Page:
Former XFL commissioner Oliver Luck sues owner Vince McMahon for wrongful termination


Former XFL commissioner Oliver Luck has sued owner Vince McMahon in federal court, citing wrongful termination after McMahon’s decision to shutter the league.

According to the complaint, filed last week in U.S. District Court in Connecticut, Luck received a termination letter on April 9 — a day before McMahon laid off most of the XFL staff and three days before the league filed for Chapter 11 bankruptcy.

Luck “wholly disputes and rejects the allegations set forth in the Termination Letter and contends they are pretextual and devoid of merit,” per the complaint.

McMahon is chairman and CEO of the WWE and is the owner of Alpha Entertainment, which was the parent company of the XFL.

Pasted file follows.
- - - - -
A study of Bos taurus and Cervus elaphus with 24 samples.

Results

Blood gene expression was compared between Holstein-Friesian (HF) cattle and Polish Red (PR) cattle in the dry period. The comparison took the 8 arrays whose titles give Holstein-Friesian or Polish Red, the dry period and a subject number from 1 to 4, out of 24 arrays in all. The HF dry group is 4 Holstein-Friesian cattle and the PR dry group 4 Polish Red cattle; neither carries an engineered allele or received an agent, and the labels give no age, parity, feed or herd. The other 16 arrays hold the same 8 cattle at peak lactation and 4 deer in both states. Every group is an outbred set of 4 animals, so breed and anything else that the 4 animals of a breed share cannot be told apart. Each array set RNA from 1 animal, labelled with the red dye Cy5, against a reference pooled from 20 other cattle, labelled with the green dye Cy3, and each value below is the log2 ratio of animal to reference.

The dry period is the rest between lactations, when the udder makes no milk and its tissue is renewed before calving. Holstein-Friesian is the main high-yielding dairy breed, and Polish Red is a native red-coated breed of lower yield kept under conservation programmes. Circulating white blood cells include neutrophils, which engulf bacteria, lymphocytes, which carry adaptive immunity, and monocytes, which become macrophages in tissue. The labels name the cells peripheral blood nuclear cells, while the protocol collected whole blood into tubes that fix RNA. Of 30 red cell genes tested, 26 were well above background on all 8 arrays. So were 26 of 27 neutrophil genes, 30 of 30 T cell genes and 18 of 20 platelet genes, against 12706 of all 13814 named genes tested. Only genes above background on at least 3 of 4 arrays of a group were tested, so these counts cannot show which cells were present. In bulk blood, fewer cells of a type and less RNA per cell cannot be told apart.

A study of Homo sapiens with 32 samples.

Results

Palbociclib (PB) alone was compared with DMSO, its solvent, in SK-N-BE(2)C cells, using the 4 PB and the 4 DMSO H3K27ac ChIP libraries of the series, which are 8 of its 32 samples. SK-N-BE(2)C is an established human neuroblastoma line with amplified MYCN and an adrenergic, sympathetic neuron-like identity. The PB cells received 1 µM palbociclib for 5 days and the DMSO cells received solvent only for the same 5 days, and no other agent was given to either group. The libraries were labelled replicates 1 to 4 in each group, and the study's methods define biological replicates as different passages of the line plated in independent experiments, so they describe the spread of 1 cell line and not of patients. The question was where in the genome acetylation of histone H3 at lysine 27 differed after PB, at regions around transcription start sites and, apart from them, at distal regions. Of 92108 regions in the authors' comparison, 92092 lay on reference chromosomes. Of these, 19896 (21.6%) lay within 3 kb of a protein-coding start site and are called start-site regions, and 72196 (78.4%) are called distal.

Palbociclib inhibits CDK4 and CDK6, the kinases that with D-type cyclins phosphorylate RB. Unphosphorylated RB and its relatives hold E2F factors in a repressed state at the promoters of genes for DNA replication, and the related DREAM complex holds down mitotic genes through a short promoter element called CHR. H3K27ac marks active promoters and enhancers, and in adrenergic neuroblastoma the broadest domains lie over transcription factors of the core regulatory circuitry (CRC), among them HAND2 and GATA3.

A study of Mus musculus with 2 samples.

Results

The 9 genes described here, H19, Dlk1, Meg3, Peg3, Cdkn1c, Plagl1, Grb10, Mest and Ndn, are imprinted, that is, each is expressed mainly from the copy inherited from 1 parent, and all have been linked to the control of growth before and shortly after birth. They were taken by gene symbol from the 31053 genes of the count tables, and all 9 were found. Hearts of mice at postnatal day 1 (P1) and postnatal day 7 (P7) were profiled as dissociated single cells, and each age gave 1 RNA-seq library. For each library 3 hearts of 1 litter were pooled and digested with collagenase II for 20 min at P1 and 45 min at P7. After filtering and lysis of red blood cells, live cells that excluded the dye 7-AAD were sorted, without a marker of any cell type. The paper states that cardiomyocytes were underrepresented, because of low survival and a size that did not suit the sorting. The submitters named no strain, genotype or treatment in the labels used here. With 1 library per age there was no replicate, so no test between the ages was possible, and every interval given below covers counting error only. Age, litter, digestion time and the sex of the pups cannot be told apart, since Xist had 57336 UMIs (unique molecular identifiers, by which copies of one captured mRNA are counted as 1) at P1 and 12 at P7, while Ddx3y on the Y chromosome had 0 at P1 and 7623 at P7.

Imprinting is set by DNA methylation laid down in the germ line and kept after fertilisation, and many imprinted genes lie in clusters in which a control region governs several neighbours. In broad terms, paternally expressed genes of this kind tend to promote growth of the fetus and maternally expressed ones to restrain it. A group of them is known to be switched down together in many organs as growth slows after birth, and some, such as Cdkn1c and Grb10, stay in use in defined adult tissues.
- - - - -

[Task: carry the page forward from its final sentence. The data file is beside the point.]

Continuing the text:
Much of the lawsuit is redacted, citing confidentiality clauses in Luck’s contract. He was hired in May 2018 for a deal reportedly worth approximately $20 million over its lifespan. Luck was not listed among creditors in the XFL’s bankruptcy filings, but the lawsuit alleges breach of contract.

The lawsuit seeks unspecified damages, attorney’s fees and interest and a declaratory judgment on fulfilling the terms of the contract.

“Oliver Luck’s services as Commissioner and CEO of The XFL were terminated by a letter sent to him on Apr. 9, 2020 which explained the reasons for the termination,” said a statement by Jerry McDevitt of K&L Gates, which represents McMahon. “As to the lawsuit he filed, his allegations will be disputed and the position of Mr. McMahon will be set forth in our response to his lawsuit.”

The XFL is for sale as part of the bankruptcy proceedings, according to a source. But league employees who were part of a conference call announcing layoffs said they did not expect the league to resurface in 2021.

McMahon announced the return of the XFL in January 2018, and the league spent two years in development before debuting in February. The eight-team league made it through five weeks of games before suspending and finally canceling its season because of the coronavirus pandemic.

ESPN’s Michael Rothstein contributed to this story.